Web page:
We’ve been taught since we were kids that it’s not what you make, it’s what you keep. This statement couldn’t be any truer when it comes to investing. We all know that nothing is free, and if you want professional advice it will cost you something. However, there are things you can do to keep your costs down and still receive expert advice.
Most investors are familiar with mutual funds either through their 401(k) plan or their brokerage accounts. Mutual funds have been around for a long time and have been part of investors’ holdings for a long time. However, with the evolution of the investment business, exchange-traded funds (ETFs) have garnered more and more attention. Why? Because they offer similar diversification benefits as mutual funds but with significantly lower costs. (For more, see: Mutual Fund or ETF: Which is Right for You?)
According to the Investment Company Institute's (ICI) 2016 ICI Annual Report, as of June 2016, U.S. ETFs had $2.2 trillion in assets compared to $423 billion in assets at the end of 2006. This shouldn’t really surprise anyone given the amount of information available to investors today. Investors are becoming much more aware of costs, opportunities and flexibility. ETFs not only offer lower costs, but their expansion into different asset classes gives investors the flexibility to buy and sell ETFs just like they would any individual stock. Add to this that firms like ours are using ETFs to provide low-cost alternatives for our clients, and you can see the growth of the ETF industry will continue for some time. That being said, mutual fund assets still dwarf ETF assets and many advisors continue to use mutual funds for their clients.
The Savings Add Up
So how much can you realistically save by replacing your mutual fund holdings with ETFs? In short, a lot. According to ICI, mutual fund expense ratios have declined since 1996, but they still exceed that of ETFs. While the decline in mutual fund expense ratios is a welcomed event, they still haven’t reached the level of ETFs.
You may be thinking that these differences are fairly negligible, and you may also believe the added cost of mutual funds will be off set by performance. I’ll deal with the performance issue later. First, let’s keep in mind that the above numbers are averages. There are many mutual funds with expense ratios as high as 2%. There are also many ETFs that have expenses as low as 0.03%. But let’s use what we have. Let’s say you’re a 50/50 investor (50% stocks, 50% bonds). Using the above numbers, here is the comparison of costs between a mutual fund only and ETF only portfolio:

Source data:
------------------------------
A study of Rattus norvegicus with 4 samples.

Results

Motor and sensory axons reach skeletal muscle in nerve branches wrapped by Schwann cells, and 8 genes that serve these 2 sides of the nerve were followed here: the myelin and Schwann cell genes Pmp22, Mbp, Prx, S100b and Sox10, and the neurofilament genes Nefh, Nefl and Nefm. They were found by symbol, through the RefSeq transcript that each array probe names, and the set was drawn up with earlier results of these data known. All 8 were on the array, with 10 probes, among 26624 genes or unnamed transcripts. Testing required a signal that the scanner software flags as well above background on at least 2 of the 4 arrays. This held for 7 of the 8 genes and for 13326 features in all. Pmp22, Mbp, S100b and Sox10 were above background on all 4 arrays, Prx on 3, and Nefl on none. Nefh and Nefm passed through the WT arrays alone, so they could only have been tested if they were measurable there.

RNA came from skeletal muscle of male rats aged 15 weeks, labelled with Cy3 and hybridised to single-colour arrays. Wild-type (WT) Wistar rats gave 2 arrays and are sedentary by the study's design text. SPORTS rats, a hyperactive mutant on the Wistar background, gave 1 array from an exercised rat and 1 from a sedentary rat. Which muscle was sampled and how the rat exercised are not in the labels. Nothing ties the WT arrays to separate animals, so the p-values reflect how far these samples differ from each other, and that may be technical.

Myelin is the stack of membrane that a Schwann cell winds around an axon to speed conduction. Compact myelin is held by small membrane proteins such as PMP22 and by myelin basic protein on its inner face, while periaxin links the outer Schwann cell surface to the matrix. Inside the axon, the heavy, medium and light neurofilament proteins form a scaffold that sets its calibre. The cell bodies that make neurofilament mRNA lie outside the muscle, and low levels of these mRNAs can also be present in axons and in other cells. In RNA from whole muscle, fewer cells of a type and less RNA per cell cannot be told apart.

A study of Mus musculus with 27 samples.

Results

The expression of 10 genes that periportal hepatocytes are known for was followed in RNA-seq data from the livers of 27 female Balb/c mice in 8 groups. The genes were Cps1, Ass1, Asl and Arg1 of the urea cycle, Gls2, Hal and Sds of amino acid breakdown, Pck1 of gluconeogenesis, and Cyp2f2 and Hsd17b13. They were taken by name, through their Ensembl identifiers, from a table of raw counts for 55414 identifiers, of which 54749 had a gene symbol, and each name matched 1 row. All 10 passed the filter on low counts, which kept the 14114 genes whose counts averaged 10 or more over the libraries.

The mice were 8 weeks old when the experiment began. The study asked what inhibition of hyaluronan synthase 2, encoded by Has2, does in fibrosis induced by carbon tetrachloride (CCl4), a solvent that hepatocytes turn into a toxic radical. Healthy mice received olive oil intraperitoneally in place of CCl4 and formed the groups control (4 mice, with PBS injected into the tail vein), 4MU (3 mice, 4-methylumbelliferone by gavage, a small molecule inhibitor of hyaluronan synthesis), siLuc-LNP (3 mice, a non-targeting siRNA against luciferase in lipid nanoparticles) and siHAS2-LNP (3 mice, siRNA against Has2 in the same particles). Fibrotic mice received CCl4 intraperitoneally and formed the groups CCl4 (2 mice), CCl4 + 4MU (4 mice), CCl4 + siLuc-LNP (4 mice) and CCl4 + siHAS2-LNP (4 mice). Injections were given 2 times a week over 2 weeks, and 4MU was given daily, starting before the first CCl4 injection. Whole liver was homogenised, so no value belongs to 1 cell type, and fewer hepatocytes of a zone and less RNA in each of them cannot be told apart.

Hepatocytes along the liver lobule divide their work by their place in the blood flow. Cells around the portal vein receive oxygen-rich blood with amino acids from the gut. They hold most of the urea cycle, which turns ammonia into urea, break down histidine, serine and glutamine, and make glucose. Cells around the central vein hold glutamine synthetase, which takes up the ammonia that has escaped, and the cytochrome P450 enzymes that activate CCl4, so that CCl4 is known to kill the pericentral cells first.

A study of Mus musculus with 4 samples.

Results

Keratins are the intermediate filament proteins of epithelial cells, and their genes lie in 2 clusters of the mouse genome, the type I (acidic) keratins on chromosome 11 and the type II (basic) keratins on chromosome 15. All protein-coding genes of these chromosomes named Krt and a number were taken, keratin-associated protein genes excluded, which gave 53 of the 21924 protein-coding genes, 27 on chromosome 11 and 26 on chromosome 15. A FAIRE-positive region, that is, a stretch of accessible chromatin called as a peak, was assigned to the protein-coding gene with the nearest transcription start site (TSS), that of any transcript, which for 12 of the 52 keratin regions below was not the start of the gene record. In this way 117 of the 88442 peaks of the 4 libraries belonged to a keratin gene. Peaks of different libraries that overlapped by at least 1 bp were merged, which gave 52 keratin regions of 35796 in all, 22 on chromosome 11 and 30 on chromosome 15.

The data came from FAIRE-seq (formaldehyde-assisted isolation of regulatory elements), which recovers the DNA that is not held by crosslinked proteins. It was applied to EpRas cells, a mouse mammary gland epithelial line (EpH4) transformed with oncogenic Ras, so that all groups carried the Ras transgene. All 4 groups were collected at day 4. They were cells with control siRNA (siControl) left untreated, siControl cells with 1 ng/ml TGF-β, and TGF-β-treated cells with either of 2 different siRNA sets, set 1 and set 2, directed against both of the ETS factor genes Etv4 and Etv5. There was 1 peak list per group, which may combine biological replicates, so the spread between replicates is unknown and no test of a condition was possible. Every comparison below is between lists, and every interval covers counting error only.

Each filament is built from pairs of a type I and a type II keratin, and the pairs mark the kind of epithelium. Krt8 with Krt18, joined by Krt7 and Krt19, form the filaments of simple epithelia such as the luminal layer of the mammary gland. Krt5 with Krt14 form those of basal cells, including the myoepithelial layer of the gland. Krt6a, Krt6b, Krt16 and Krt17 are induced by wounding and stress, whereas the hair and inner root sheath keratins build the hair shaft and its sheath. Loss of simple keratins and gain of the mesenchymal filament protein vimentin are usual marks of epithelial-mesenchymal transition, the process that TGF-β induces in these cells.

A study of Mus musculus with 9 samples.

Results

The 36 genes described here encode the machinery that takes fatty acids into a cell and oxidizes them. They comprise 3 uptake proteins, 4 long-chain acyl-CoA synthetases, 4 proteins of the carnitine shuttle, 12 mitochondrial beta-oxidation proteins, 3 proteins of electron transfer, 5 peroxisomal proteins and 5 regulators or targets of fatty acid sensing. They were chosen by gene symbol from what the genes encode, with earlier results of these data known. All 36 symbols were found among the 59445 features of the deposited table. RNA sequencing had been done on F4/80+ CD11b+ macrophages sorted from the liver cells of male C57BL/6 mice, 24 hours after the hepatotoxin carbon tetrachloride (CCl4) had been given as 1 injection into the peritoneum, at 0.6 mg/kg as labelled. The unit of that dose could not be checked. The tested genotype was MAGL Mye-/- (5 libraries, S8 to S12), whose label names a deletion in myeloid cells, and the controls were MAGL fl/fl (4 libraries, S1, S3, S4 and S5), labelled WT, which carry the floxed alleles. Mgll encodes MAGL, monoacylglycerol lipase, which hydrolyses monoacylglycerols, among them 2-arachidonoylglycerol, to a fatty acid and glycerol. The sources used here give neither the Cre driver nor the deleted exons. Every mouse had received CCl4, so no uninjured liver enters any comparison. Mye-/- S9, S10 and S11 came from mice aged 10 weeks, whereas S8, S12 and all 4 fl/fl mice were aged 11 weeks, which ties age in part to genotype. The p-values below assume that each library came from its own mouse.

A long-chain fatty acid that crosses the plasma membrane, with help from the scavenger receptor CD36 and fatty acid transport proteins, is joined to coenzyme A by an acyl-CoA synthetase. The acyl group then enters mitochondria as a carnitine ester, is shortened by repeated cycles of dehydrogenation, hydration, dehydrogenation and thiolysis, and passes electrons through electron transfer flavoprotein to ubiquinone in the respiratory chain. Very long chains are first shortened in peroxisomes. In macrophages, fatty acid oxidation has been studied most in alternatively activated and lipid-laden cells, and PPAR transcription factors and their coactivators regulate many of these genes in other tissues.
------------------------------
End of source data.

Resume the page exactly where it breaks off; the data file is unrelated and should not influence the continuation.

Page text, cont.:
The savings of 0.41% each year may not seem like a lot, but it adds up over time. Assuming you have a portfolio value of $250,000 and plan to invest for 30 years, you would be sacrificing $32,650 at the end of that time. (You can find additional calculators here.)
Since most investors aren’t invested in average cost mutual funds or ETFs, let’s say your mutual fund is charging you 1.25% and the ETF is charging 0.05% giving you a savings of 1.20%. That same $250,000 portfolio over 30 years would result in $107,565 of additional growth. (For more, see: Using ETFs to Build a Cost-Effective Portfolio.)
The reason for such accumulation is the power of compounding over the years. Every little bit helps when it comes to building your retirement nest egg. If you’re working with an advisor, ask him/her what underlying expenses you are paying. If you’re doing it alone, call the fund company. It’s your money and you deserve to know.
Added Costs Don’t Translate into Performance
Many investors think mutual funds should outperform since they are charging more. Unfortunately, that is not the case. Obviously, costs matter and can be a drag on active mutual fund managers, but the competition for individual stock picking has also picked up significantly over the last few decades. So, if active mutual fund managers are challenged to beat their benchmarks, why pay the additional expenses?
Tom Rampulla, Managing Director at Vanguard Financial Advisor Services, wrote an article called Why Is Passive Winning? In the article, Rampulla stated, “We took a look at what investors paid active managers over the last decade at the end of 2015 - $437 billion.” He went on to say, “What did they get? Those active managers underperformed the indexes by $545 billion.” If you take into account the cost of the mutual funds and the underperformance, investors have sacrificed nearly $1 trillion in that decade alone.
Rampulla went on to state in the article that only 16% of active managers outperformed in the U.S. large-cap space, 32% in emerging markets, 14% in high yield, and 36% in U.S. small-cap equity. These are very challenging numbers and is another reason for the impressive growth of ETFs.
Clearly, not all active mutual fund managers will underperform. However, it is important for investors to understand how much they are paying for these mutual funds and determine whether they are really getting something out of it. If not, there are alternatives.
With the growth of the RIA model, many qualified investment managers have made the transition from institutional management. Firms like ours are delivering low-cost alternatives to clients leaving them with more in their pockets. We cannot control what the markets will do, but we most certainly can control how much we pay for our investments. (For more from this author, see: Investing Basics: What You Need to Know.)
Disclaimer: This article is for educational purposes only. Investments involve risk. You should consult a financial professional before investing.